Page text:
Boston Globe

DURABILITY MAKES THE BAG Courierware's organically minded owners say big growth is biggest problem


You're not likely to find the Courierware course for success in any business textbook, but if you did, it would prescribe something like this:


ONE OF THE BEST ARMS AT FENWAY A vendor for 17 years, Rob Barry delivers peanuts with panache


And he can claim a Fenway feat that no one else can. It sure doesn't sound like anyone on this year's struggling squad, and it isn't. We're talking about Rob Barry, the peanut vendor with the golden arm.


KENYA: Many animals, no crowds


Kenya is like that these days, only different. No one goes there anymore, so it's a lot less crowded.

There are plenty of reasons not to go, of course: political violence, tourism crime, washed-out roads, fears of Rift Valley Fever and other exotic diseases, and even the weather. Even some tour operators in Kenya, whose livelihood depends on attracting people to the central African nation, say they have difficulty advising people to come.


HAMILTON'S ROAD ALWAYS LEADS BACK TO MARBLEHEAD


Eventually.

For even though he and his wife, Haven, 33, consider their seven-room, two-bath house to be their home, they spend only about three months a year in it because the Tour de France, and all the other elite racing, occurs in Europe. "We kind of vacation at our home," says Hamilton, 31.


2,500 BOTTLES | Cellar is both a hobby and convenience for North Shore couple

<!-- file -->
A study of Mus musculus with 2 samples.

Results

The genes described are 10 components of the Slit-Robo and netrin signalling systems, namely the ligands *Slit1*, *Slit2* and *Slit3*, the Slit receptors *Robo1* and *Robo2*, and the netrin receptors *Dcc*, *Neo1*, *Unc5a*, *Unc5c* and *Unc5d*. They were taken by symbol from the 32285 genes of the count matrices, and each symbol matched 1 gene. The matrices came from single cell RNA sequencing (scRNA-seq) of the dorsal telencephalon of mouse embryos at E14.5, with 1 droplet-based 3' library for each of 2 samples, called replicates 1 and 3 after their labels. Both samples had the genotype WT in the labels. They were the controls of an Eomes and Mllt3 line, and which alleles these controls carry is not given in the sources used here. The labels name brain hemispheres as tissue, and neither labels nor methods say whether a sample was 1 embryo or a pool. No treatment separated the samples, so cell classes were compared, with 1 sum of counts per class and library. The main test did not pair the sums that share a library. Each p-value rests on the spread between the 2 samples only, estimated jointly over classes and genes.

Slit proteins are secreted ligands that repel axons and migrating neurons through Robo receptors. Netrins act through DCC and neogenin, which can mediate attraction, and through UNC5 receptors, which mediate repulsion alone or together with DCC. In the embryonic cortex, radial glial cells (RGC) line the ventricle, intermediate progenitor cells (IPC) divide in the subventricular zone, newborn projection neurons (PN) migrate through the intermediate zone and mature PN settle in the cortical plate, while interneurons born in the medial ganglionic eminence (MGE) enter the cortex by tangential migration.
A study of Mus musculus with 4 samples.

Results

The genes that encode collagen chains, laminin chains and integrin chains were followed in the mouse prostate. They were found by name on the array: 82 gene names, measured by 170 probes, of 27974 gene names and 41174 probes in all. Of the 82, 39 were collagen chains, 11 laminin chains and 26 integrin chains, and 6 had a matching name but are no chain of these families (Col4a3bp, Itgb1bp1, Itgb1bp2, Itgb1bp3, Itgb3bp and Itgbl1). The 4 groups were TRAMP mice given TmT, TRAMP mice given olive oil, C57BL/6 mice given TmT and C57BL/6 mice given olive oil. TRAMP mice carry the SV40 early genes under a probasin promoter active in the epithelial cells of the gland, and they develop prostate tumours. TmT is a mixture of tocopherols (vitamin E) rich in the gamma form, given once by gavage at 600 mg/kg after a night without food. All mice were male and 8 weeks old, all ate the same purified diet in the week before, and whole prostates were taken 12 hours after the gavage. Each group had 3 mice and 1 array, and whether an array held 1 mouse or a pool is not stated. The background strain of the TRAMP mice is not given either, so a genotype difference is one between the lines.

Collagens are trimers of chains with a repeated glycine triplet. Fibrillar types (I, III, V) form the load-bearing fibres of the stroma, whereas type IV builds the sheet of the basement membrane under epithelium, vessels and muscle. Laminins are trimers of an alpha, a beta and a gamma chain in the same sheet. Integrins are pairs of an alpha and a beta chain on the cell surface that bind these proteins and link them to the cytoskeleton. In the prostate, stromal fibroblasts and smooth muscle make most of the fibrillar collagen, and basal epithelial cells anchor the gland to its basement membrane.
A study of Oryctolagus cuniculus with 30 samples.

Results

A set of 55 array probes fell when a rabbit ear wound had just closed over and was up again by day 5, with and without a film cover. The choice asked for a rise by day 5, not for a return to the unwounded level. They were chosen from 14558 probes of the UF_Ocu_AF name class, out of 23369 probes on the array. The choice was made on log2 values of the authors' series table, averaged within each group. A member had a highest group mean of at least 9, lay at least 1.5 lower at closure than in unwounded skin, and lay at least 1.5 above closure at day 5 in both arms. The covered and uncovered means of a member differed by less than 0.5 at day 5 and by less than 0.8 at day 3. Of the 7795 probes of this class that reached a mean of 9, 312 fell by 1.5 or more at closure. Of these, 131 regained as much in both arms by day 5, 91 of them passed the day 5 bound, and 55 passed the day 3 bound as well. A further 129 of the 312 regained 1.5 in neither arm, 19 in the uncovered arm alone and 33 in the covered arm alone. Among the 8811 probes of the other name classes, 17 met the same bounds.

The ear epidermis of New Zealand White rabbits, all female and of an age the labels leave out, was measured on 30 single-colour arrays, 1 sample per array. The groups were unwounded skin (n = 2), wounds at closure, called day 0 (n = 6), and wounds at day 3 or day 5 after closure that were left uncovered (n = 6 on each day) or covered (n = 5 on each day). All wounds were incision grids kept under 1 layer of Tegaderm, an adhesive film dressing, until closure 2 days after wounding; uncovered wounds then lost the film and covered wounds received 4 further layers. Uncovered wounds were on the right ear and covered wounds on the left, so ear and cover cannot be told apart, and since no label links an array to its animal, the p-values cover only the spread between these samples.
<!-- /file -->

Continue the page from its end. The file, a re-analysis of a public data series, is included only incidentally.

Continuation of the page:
Between what Koch does and what those who keep a couple of bottles of Robert Mondavi above the fridge do, however, there's plenty of room, and it's there that Sanford and Katariina Anstey have found their comfort zone. They keep about 2,500 bottles in a cellar they built in the basement of their 100-year-old carriage house in a North Shore suburb.


BIRD MAKES THE CUT A plastic surgeon takes on turkeys with his scalpel



A WAY TO LIVE, NOT JUST A WAY TO LOSE


It's exactly the sort of statement the doctor himself would love, would seize upon for another notch on his smugly cinched belt. But just like the subheading of a recent New York Times Magazine cover story - which suggested that "maybe Dr. Atkins was right" - it's an incomplete thought.


WHAT HOME-COOKING GADGET COULD YOU NOT LIVE WITHOUT?


"I could not do without my cast-iron braising pot. It's a 15-quart, very heavy, black cast-iron pot with a lid, and I bought it years ago. It's what I cook all my braises in. It's just this fabulous piece of equipment that conducts heat beautifully. You can lower the heat in your oven to almost nothing and it cooks beef stew, lamb shanks, or veal osso bucco in a wonderful way."


STUDENTS SLEEP IN THE HIGH-RENT DISTRICT


But it's the view, from the Harvard boathouse to the Blue Hills, with the Charles at your feet and the best parts of Cambridge and Boston in between, that sells the place. When they tell you the rent, only about $1,000 a month per person, your elation comes with a queasiness that tells you there has to be a catch.